As a high school tailback in a distinctly high school offense in Jennings, La., Travis Etienne possessed all the traits to flourish: sleekness, balance, strength, vision — you name it.
“We ran the option, and to be honest with you, third and 8 to us was just like throwing the football to Travis,” said Rusty Phelps, longtime coach and overseer of the split-back veer at Jennings High. “We probably should’ve spent more time (passing) with Travis, but my goodness, he was so easy to hand the ball off to and just watch him get the yards.”
A half-decade later, Etienne’s Friday night rush has evolved into a full-time vocation, complete with extensive prerequisites. Employment in an NFL backfield these days requires soft hands, route discipline and pass-protection chops.
Hence the reason Etienne, the ACC’s career rushing leader, opted to remain at Clemson for his senior year.
“From coming back, I really improved on a lot of things,” he said.
Now, the four-year collegian is a three-down back — and potential first-round draftee.
“Those are two areas (pass catching and pass protection) that he really had to work on after his freshman year,” said USF coach Jeff Scott, Clemson’s co-offensive coordinator for Etienne’s first three seasons with the Tigers. “And he really bought into it and put in the work and was very intentional in that improvement in both those areas.”
While zero consensus exists on how the Bucs plan to use their first-round draft pick (32nd overall), few will argue they could find solid value at running back, where their current depth may be short-lived.
Playoff stalwart Leonard Fournette is on a one-year deal, fourth-year speedster Ronald Jones II is entering the fourth season of his rookie contract (with no fifth-year option), and veteran Giovani Bernard — who signed Monday — also is on a one-year deal.
While Fournette and Jones sparkled at various junctures in 2020 (1,345 combined rushing yards), they led the Bucs in dropped passes with seven and five, respectively. Bernard, by contrast, had at least 30 catches in each of his eight seasons with the Bengals, who released him in a cost-cutting measure. Ke’Shawn Vaughn, who played sparingly as a rookie in 2020 (109 rushing yards, five receptions), rounds out the depth chart.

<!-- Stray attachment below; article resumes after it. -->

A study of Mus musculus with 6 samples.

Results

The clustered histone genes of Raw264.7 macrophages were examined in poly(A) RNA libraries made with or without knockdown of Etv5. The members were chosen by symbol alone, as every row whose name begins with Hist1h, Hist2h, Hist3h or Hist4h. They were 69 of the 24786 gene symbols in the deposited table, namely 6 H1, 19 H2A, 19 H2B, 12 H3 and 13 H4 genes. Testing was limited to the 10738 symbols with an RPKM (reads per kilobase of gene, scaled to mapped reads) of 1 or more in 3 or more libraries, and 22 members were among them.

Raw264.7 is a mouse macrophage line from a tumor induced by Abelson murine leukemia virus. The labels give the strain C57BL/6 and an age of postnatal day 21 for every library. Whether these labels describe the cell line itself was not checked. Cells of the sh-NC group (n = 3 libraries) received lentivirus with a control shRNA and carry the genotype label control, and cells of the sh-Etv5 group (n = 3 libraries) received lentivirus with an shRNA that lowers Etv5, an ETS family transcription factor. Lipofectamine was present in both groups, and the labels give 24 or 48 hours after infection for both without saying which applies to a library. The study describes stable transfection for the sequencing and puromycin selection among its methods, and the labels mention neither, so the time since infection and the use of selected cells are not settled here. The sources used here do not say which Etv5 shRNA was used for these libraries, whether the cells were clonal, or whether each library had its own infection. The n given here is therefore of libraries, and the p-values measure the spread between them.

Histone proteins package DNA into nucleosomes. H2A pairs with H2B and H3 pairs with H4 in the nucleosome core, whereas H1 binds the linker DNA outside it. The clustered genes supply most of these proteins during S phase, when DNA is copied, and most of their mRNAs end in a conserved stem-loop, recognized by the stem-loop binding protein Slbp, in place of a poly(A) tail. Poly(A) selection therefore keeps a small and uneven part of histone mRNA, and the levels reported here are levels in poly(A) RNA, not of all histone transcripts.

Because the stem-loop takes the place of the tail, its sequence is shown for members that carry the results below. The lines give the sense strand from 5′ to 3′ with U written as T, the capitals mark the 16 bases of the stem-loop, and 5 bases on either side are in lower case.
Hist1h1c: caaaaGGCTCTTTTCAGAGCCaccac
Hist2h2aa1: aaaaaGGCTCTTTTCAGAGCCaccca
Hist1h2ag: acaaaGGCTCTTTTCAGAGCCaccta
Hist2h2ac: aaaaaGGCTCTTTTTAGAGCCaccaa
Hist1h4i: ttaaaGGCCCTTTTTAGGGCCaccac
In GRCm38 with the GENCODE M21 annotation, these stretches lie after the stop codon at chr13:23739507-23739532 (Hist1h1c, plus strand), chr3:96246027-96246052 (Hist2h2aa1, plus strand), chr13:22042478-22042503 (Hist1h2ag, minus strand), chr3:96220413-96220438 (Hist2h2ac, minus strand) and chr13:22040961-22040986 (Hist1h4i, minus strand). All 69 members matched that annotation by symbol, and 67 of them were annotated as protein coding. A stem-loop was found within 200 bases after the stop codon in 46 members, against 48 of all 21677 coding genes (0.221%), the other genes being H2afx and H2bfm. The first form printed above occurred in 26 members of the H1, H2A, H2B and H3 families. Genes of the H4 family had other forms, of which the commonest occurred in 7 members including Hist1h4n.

Which leads to Etienne, an 11th-hour Clemson signee in 2017 whose devotion to his craft — and raw fleetness — enabled him to run for 4,952 career yards and total 102 receptions for the Tigers. Forty-eight of his catches came in 2020, establishing a Clemson single-season receptions record for a running back.
“Coming here in high school from a (veer offense), I probably had 16 targets my whole career in high school,” said Etienne, whose hometown of Jennings (population 11,400) is nestled in the rural elbow of Louisiana.
“I have to give a lot of credit to (Clemson receiver and classmate) Amari Rodgers. He really challenged me to get on the jugs after every practice for 30-45 minutes. And we would practice catching tennis balls, too, every day after practice. During the pandemic, I got with (quarterback) Trevor Lawrence out here and caught a lot of balls.”
He also evolved into a serviceable blocker, another skill he simply didn’t require while running for roughly 4,500 yards his final two years at Jennings. Today, NFL.com draft analyst Lance Zierlein’s report on Etienne includes this line: Loves to clean up A-gap blitzers with booming angle block.
“Obviously protecting Tom Brady is a pretty big draw, but he had probably the next-toughest thing in college, protecting Trevor Lawrence,” Scott said. “So it’s not the first time that he’s done something like that.
“He has really good football instincts and football IQ, so I think that he’s been very well trained at Clemson with the cross-reads and all the different things that the backs have to do in pass protection.”
Combine those traits with the one quality that can’t be taught, and Etienne could represent a steal of sorts for the Bucs at No. 32. ESPN’s Todd McShay projects Etienne going as early as No. 23 (to the Jets) in his mock draft.
“Etienne is a home run hitter with fantastic contact balance and improving pass-catching ability,” McShay said.
Phelps said a blistering 40-yard dash time (in the mid-4.3 range) at a New Orleans combine following Etienne’s junior year at Jennings altered the trajectory of his whole career. To that point, he had one Division I-A offer — from South Alabama.
“He wasn’t a big camp guy,” Phelps said. “He was just kind of a guy that would rather be around here playing basketball or hanging out with his buddies, or riding a four-wheeler or whatever.”
But days after that combine, everyone from California to Clemson was on him.
“He got there in fall camp and we went, like, ‘Whoa, this guy can go!’” Scott recalled. “To be honest, we had no idea what we had when we got him committed.”
What they had was a burner, who evolved into a blocker, receiver and college graduate.
“He is just an awesome, awesome young man,” Scott said. “I firmly believe he’s going to play 10 years in the NFL if he can stay healthy.”
Contact Joey Knight at email@example.com. Follow @TBTimes_Bulls.